Saturday, May 28, 2016

Impoverished children with access to food stamps become healthier and wealthier adults

May 27, 2016

Authors: Douglas Almond (Columbia University and NBER), Hilary W. Hoynes (University of California, Berkeley and NBER), Diane Whitmore Schanzenbach (Northwestern University)

Adults who participated in the Food Stamp Program, renamed the Supplemental Nutrition Assistance Program (SNAP) in 2008, as children are healthier and better off financially than poverty-stricken families who did not have access to the program, according to findings in joint work with Douglas Almond and Diane Schanzenbach (this paper and a companion paper Almond, et al. 2011). Children with access were more likely as adults to graduate from high school, earn more, and rely less on government welfare programs as adults than impoverished children who did not have access to SNAP. Women, in particular, are substantially more likely to self-report they are in good health and are more economically self-sufficient in adulthood. We find no additional long-term health impacts for children from more exposure to the program during middle childhood, but individuals with access to food stamps before age 5 had measurably better health outcomes in adulthood with significant impacts for those in early childhood.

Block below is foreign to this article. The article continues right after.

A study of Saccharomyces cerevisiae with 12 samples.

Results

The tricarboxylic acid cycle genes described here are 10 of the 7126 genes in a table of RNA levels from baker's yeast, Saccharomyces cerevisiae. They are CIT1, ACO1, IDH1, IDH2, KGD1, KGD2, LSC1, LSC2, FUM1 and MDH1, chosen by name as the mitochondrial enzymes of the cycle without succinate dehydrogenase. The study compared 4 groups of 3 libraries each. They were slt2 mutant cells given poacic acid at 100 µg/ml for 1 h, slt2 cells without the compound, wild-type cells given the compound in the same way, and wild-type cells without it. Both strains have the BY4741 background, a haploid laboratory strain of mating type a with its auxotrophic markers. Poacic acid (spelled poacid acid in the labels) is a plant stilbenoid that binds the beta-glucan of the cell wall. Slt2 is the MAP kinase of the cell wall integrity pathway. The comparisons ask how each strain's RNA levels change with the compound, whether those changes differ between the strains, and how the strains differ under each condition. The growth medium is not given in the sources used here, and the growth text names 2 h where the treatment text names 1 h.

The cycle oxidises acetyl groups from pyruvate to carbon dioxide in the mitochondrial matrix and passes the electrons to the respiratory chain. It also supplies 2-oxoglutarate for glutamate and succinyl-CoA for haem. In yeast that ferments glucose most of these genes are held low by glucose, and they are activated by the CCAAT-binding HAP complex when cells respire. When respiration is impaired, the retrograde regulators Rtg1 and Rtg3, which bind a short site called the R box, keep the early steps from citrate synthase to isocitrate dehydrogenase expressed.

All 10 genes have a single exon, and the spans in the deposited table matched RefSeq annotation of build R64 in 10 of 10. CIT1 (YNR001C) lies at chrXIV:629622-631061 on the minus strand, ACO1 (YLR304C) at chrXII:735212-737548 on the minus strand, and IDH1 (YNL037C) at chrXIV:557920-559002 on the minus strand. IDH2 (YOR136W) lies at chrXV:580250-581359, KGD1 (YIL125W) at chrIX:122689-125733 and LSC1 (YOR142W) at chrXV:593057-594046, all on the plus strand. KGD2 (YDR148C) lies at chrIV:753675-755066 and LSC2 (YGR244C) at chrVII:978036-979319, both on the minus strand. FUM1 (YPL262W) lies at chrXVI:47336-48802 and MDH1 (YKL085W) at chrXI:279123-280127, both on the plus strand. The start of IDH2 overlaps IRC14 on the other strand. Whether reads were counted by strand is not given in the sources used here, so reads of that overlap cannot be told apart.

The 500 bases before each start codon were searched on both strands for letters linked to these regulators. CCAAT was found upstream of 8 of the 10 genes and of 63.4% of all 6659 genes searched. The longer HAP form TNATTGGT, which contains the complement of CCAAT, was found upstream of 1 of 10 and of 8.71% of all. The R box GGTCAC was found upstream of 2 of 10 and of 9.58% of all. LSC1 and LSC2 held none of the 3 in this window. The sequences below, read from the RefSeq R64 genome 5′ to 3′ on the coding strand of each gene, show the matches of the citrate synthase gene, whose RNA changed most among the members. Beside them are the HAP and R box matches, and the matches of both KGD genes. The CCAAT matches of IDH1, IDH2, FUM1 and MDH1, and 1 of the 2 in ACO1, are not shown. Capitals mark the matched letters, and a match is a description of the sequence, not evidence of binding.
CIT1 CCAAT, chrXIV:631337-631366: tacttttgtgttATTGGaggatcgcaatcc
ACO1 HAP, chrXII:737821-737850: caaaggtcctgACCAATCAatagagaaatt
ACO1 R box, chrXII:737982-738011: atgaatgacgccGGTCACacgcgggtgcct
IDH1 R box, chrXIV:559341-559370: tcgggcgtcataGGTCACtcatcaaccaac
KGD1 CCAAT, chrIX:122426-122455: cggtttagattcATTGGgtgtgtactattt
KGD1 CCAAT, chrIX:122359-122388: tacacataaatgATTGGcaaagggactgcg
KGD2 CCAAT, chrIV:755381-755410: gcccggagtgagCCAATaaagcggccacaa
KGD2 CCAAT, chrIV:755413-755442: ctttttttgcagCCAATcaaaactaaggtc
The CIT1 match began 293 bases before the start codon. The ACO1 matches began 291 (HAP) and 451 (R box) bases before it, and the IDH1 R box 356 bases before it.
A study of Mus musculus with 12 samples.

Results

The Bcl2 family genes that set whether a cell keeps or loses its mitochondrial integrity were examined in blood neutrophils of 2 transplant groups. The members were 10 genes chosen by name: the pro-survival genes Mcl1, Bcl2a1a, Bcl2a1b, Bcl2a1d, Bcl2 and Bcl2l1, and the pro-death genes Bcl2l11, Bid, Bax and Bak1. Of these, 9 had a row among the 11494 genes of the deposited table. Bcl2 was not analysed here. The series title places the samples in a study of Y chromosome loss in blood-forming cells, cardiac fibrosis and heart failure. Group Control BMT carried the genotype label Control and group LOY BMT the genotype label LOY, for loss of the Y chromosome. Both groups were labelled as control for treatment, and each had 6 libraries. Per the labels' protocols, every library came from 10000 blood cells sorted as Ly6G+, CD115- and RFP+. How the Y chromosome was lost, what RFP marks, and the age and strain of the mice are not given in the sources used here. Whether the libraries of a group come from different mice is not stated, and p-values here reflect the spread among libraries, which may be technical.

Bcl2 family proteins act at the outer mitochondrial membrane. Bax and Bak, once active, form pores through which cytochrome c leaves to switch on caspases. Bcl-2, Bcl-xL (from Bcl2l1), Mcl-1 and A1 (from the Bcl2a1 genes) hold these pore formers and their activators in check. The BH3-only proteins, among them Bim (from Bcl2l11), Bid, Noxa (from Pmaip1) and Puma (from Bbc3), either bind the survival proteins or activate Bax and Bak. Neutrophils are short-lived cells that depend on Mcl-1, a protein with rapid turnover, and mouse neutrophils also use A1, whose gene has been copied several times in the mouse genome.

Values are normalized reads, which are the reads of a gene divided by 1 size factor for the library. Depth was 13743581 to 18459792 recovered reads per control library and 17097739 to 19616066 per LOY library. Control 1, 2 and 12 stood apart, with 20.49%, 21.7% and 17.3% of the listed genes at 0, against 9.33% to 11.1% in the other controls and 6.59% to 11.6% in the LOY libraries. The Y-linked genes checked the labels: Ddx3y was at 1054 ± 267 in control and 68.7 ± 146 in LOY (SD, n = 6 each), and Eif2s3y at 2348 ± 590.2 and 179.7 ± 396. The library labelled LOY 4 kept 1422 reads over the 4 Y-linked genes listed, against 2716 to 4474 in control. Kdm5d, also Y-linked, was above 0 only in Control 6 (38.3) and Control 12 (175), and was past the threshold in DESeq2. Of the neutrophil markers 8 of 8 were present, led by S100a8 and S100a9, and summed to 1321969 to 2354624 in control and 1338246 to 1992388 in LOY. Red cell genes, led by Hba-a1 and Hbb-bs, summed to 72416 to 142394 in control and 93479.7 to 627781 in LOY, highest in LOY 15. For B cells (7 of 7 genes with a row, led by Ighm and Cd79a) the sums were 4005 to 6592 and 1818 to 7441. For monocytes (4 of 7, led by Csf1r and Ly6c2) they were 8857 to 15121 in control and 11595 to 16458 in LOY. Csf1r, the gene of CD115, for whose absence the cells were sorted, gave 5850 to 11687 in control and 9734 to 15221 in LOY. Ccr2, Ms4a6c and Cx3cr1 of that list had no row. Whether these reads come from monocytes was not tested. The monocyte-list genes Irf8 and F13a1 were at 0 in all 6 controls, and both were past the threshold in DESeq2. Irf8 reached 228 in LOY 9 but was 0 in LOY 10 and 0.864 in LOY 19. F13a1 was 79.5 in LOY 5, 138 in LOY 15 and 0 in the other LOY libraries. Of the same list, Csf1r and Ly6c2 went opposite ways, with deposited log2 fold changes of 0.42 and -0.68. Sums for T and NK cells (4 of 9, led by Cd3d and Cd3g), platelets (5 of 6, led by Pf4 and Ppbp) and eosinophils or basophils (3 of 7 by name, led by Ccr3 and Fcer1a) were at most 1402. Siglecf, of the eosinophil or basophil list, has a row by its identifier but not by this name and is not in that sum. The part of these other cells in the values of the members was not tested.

In 2012, SNAP lifted 4.9 million children out of poverty, and also lifted more than 2.1 million children out of deep poverty, which is defined as an income level less than half of the poverty line (Sherman and Trisi 2015). In addition, two-thirds of total SNAP benefits go to families with children. A growing body of evidence suggests it is particularly important to protect children from deprivation. Access to food and other health benefits early on in a child’s life has been shown to impact their outcomes as adults, especially in terms of earnings, health, and mortality. Evidence from diverse settings, ranging from children exposed to war, disease, or famine, points to deprivation in childhood as being a cause of adults’ chronic health conditions


SNAP’s positive impacts start before birth

In the short run, we find that SNAP improves infant health (Almond et al., 2011), especially in the case of expectant mothers accessing the program in their third trimester. Access to food stamps improves her baby’s birth weight, which could have long-term positive effects on the babies’ health as a child and adult. The improvements are largest in more vulnerable populations, such as babies born in high-poverty counties, and those babies with the lowest birth weights.